Ten fun facts about George Beadle

Fact 1
Beadle and Tatum's key experiments involved exposing the bread mold Neurospora crassa to x-rays, causing mutations.

Fact 2
In a series of experiments, they showed that these mutations caused changes in specific enzymes involved in metabolic pathways. These experiments led them to propose a direct link between genes and enzymatic reactions, known as the One gene-one enzyme hypothesis.

Fact 3
After retiring, Beadle undertook a remarkable experiment in maize genetics.

Fact 4
During his career, Beadle has received many honors. These include the Honorary Doctor of Science of the following Universities: Yale (1947), Nebraska (1949), Northwestern University (1952), Rutgers University (1954), Kenyon College (1955), Wesleyan University (1956), the University of Birmingham and the University of Oxford, England (1959), Pomona College (1961), and Lake Forest College (1962).

Fact 5
In addition to the Nobel Prize, Beadle received numerous other awards.

Fact 6
Beadle was a member of several learned societies, among which the National Academy of Sciences (Chairman of Committee on Genetic Effects of Atomic Radiation), the Genetics Society of America (President in 1946), the American Association for the Advancement of Science (President in 1955), the American Cancer Society (Chairman of Scientific Advisory Council), the Royal Society of London, and the Danish Royal Academy of Science.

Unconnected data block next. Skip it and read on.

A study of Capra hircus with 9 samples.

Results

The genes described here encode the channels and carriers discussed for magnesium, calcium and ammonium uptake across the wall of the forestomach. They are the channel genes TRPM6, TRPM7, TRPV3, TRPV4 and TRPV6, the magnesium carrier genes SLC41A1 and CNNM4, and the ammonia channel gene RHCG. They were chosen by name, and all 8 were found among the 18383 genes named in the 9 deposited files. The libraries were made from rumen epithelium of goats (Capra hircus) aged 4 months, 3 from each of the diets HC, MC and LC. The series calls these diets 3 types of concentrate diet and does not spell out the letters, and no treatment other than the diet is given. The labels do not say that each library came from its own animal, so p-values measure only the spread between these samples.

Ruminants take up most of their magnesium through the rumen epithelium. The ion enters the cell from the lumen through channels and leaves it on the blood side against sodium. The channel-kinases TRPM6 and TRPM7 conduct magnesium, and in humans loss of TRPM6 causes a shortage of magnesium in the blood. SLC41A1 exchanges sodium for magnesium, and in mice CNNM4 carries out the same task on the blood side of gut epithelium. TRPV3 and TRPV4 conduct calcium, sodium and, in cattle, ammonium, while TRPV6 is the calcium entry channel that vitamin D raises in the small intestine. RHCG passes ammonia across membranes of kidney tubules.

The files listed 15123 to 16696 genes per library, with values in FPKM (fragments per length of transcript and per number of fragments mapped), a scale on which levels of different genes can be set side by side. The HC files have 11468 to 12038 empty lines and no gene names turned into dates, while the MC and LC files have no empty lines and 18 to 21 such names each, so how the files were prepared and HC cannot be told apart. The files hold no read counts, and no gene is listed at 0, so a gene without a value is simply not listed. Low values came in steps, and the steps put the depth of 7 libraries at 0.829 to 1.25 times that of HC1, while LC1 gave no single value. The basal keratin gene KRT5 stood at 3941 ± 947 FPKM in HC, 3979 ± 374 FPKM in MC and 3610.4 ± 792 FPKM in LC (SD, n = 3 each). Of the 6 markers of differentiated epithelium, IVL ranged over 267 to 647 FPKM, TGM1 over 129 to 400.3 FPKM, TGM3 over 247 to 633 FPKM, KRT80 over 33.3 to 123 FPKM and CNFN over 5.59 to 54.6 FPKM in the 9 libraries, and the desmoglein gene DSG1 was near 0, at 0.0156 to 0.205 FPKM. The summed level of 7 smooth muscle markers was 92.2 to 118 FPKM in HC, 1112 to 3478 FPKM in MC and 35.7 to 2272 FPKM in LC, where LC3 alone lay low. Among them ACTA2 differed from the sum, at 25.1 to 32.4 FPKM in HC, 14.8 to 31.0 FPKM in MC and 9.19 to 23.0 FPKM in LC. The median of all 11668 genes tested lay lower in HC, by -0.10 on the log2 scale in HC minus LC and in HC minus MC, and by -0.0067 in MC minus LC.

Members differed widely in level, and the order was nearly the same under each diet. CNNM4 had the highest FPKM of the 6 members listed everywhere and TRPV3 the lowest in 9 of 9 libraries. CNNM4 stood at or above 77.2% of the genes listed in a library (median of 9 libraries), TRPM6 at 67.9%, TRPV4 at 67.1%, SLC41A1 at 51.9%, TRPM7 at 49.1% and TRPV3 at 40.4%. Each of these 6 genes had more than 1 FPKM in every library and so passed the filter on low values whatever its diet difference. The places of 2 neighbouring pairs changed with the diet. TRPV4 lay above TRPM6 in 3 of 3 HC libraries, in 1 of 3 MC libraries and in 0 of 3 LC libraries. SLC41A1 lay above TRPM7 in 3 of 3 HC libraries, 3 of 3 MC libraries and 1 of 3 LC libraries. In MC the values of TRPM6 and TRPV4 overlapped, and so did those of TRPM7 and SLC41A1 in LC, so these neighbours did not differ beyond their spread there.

Fact 7
The George W. Beadle Award of the Genetics Society of America is named in his honor.

Fact 8
George Beadle Middle School in Millard, Nebraska (Part of the Millard Public Schools district) was named after him.

Fact 9
The Beadle Center, which houses the Department of Biochemistry at the University of Nebraska-Lincoln, is also named after George Beadle.

Fact 10
Beadle was married twice.

was an American scientist in the field of genetics, and Nobel Prize in Physiology or Medicine Nobel laureate who with Edward Lawrie Tatum discovered the role of genes in regulating biochemical events within cells in 1958.